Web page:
Review: 36 CRAZYFISTS – Time and Trauma (2015)


36 CRAZYFISTS – Time and Trauma (2015)

Brock Lidow’s vocals immediately take me back to my youth during the days of Glassjaw, The Deftones, and At The Drive-In. Although not all about Time and Trauma is early millennial rock, with riffs inspired by classic rock and splattered with grunge era crumbs, 36 Crazyfists’ Time and Trauma is exactly what I would expect, no, it’s what I craved modern rock to sound like. Some might argue that if Time and Trauma is what I would expect modern rock to sound like, well then it must be technical and devoid of passion. Assuredly, there is no lack of passion or originality in Time and Trauma.

During a time where artists are seeming to make enormous come backs, 36 Crazyfists doesn’t focus on broad social problems, or talk about phantasmal legends and lore that have little to no correlation to reality like so many have done before. Instead, 36 Crazyfists reach down deep into our emotional bowels and manages to schlepp up the sonic landscape of the deepest overriding feelings of our era, and possibly for our generation. It brings back the jaw dropping sensations you first felt when hearing Slipknot, or the intimacy found in the rock genre that gripped us in our youth. This is not selfish, as there are so many social ill’s that need our attention and need to be fixed. However, after protests and even the murders of innocent lives at the hand of those who promise to serve and protect us, no one has yet to be held accountable. Nothing is different, nothing has changed. And now as we grow old, more than ever all we have to focus on is those who we have the opportunity to affect right here in our daily lives.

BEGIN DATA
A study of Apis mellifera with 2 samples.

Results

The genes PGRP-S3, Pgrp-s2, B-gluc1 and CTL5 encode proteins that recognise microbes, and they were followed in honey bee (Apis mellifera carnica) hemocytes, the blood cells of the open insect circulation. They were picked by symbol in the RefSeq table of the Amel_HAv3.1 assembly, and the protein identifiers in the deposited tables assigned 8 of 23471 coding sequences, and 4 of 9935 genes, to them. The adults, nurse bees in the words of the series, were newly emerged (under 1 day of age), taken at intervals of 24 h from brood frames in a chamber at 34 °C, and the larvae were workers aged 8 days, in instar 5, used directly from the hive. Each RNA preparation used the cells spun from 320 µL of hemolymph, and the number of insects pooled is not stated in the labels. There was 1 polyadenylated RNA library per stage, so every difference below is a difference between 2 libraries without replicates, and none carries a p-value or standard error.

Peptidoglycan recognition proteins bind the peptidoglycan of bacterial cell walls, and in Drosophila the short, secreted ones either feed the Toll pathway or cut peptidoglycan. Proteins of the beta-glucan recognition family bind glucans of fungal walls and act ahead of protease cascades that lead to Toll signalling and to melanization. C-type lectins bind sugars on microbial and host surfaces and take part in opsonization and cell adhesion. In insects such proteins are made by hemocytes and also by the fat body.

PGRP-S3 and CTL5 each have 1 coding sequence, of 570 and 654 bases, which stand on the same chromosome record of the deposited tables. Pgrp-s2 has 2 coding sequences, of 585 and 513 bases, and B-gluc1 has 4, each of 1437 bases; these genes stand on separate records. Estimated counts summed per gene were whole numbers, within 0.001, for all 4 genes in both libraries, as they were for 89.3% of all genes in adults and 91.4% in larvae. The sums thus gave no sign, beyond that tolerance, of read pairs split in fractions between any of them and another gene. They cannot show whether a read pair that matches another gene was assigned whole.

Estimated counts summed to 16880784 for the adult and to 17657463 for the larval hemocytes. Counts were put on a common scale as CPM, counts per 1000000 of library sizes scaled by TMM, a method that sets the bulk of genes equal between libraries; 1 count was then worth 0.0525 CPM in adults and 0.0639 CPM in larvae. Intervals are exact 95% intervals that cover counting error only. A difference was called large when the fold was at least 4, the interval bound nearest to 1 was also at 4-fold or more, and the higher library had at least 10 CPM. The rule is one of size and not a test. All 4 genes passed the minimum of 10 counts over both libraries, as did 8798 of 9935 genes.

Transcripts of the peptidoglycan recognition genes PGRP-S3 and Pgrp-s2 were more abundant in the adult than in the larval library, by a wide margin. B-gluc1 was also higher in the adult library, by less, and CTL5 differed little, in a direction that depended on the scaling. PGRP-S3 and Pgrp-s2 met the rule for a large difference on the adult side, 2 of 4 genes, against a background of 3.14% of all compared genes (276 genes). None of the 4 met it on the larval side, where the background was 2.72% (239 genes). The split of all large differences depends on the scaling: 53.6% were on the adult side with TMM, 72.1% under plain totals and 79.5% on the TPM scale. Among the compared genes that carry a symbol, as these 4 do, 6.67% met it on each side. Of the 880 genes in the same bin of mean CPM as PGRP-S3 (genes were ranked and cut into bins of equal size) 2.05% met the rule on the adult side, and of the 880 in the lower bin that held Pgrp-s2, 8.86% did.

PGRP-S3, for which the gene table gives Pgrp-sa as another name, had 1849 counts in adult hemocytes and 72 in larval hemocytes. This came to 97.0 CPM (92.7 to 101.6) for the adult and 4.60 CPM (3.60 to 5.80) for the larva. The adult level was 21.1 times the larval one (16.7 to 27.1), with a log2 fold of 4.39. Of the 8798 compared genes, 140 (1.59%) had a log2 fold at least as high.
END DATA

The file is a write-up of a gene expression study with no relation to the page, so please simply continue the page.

The focus is hyperlocal, yes, but it is raw, and real, and it gives a voice to the assortment of feelings we have when it comes to life and death and to actually living and truly dying. But, even with trauma and tragedy comes beauty and hope. 36 Crazyfists’ Time and Trauma, isn’t about wallowing in self-pity, or checking out of life and chasing the next mind numbing thing. It’s also about never giving up, remembering what’s important and finding a way to release those emotions; and that is precisely what Time and Trauma accomplishes.

Lidow sings the pain, he screams the anger, and he nearly weeps at the beauty. Backed by Steve Holt’s groovy, melodic and thrashy style, met with newcomer Kyle Baltus on drums melting one’s core into involuntary head banging perfection. Finally reunited with bassist Mick Whitney, 36 Crazyfists make a come back that is the culmination of the sonic influences of my adolescence coupled with precisely the right emotional backdrop to create a recipe that is indeed difficult to beat.